Should Home 3-D Printing Be Regulated?
The people have spoken and their message is clear: They are not in favor of the regulation of home 3D printing, a hot button topic that has received much attention in the media as of late. Their response is part of
a program put forth by the
in London that merges technology with democracy.
The museum invited
participants and the general public worldwide to vote via Twitter on whether or not home 3D printing should be regulated. In response, 62 percent of respondents tweeted against regulation, triggering a printer to create
a replica of Big Ben
, the clock tower that serves as an architectural symbol of London.
Comprised of a 3D printer and a large pendulum designed by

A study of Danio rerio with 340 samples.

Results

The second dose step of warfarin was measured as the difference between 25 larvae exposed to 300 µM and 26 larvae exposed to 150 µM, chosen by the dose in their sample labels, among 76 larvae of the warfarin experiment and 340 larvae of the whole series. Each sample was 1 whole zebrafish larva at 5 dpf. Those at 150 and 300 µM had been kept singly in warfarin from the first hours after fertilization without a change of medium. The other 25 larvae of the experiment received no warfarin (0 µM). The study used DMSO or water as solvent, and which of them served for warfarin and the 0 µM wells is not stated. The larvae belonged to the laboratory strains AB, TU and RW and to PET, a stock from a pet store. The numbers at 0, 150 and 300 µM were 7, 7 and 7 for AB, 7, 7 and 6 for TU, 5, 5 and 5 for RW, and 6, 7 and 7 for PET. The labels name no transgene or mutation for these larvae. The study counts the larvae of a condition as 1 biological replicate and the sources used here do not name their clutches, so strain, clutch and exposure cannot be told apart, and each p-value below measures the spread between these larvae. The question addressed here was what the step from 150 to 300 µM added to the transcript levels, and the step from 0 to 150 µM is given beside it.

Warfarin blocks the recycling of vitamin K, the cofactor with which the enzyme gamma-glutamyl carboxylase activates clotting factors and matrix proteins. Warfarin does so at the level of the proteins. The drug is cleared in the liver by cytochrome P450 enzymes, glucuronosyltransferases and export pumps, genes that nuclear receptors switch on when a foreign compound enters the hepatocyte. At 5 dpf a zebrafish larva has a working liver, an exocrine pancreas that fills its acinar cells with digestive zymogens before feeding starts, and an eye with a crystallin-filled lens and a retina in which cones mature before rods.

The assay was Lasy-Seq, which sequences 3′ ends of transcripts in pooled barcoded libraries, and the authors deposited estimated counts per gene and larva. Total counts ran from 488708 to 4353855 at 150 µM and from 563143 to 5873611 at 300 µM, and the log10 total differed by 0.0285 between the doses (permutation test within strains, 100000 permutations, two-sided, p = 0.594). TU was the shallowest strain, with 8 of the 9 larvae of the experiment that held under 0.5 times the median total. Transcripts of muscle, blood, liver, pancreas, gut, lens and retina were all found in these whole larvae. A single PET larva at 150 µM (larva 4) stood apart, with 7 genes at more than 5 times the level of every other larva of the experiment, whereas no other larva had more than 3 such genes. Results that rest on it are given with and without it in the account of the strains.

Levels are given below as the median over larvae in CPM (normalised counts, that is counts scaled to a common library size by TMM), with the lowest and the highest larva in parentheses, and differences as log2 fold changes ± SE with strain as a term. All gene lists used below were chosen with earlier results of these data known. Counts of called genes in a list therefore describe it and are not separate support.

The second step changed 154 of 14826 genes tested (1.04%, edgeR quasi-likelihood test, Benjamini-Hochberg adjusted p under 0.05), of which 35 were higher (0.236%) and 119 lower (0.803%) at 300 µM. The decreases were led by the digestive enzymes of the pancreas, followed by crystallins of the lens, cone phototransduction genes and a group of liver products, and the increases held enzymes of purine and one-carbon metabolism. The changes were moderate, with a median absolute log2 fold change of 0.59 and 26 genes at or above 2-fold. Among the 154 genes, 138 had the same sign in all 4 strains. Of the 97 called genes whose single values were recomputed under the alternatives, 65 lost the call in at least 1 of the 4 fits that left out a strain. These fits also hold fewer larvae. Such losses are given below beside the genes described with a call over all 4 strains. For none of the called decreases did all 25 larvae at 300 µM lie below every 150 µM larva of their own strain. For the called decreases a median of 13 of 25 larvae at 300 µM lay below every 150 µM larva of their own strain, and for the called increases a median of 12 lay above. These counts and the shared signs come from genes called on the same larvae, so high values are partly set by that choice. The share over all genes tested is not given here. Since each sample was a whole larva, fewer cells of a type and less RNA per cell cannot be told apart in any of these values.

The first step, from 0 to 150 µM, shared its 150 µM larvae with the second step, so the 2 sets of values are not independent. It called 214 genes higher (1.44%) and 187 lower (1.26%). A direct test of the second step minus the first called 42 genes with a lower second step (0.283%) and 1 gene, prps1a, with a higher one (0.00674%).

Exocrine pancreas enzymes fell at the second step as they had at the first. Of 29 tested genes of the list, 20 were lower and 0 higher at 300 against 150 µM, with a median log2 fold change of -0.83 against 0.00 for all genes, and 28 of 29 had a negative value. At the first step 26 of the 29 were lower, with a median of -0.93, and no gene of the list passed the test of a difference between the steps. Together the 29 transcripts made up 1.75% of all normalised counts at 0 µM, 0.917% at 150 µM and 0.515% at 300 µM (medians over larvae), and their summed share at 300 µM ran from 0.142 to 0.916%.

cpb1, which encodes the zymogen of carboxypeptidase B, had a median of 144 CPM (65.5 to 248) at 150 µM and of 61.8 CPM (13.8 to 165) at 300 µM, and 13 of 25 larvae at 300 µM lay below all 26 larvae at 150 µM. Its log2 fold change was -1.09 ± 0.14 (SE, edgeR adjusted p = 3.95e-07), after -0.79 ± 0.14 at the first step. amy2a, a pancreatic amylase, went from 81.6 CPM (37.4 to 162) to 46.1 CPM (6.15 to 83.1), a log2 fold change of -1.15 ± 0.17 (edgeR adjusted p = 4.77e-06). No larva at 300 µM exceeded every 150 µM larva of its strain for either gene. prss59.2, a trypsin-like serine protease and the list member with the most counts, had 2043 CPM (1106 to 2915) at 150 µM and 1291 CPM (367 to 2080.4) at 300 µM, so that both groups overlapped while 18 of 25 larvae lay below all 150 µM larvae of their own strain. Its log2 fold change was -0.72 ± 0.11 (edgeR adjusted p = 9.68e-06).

, “Swing Vote” is charged based on the number of votes that are against 3D printing regulation. The more votes it received, the more power it generated to produce a 3D object. For every vote in favor of regulation, the apparatus relaxed. Once all of the votes were tallied, the system’s pendulum swung in the direction of the majority, in this case enabling the printer to create the object, which was presented at the museum.
“Swing Vote is a way of taking the ideas in the exhibition beyond the walls of the museum,” says Alex Newson, curator of the Design Museum. “It is a tool that allows everyone to have a say about topics that will eventually affect us all. Design Museum believes that design is borderless, and ‘Swing Vote’ encourages everyone to think about design and how it affects our everyday lives.”
“Swing Vote” serves as the launch of the Design Museum’s newest exhibition, “The Future is Here: A New Industrial Revolution,” which opens July 24 and focuses on how changes in manufacturing are transforming the world. It will be on display through November 3.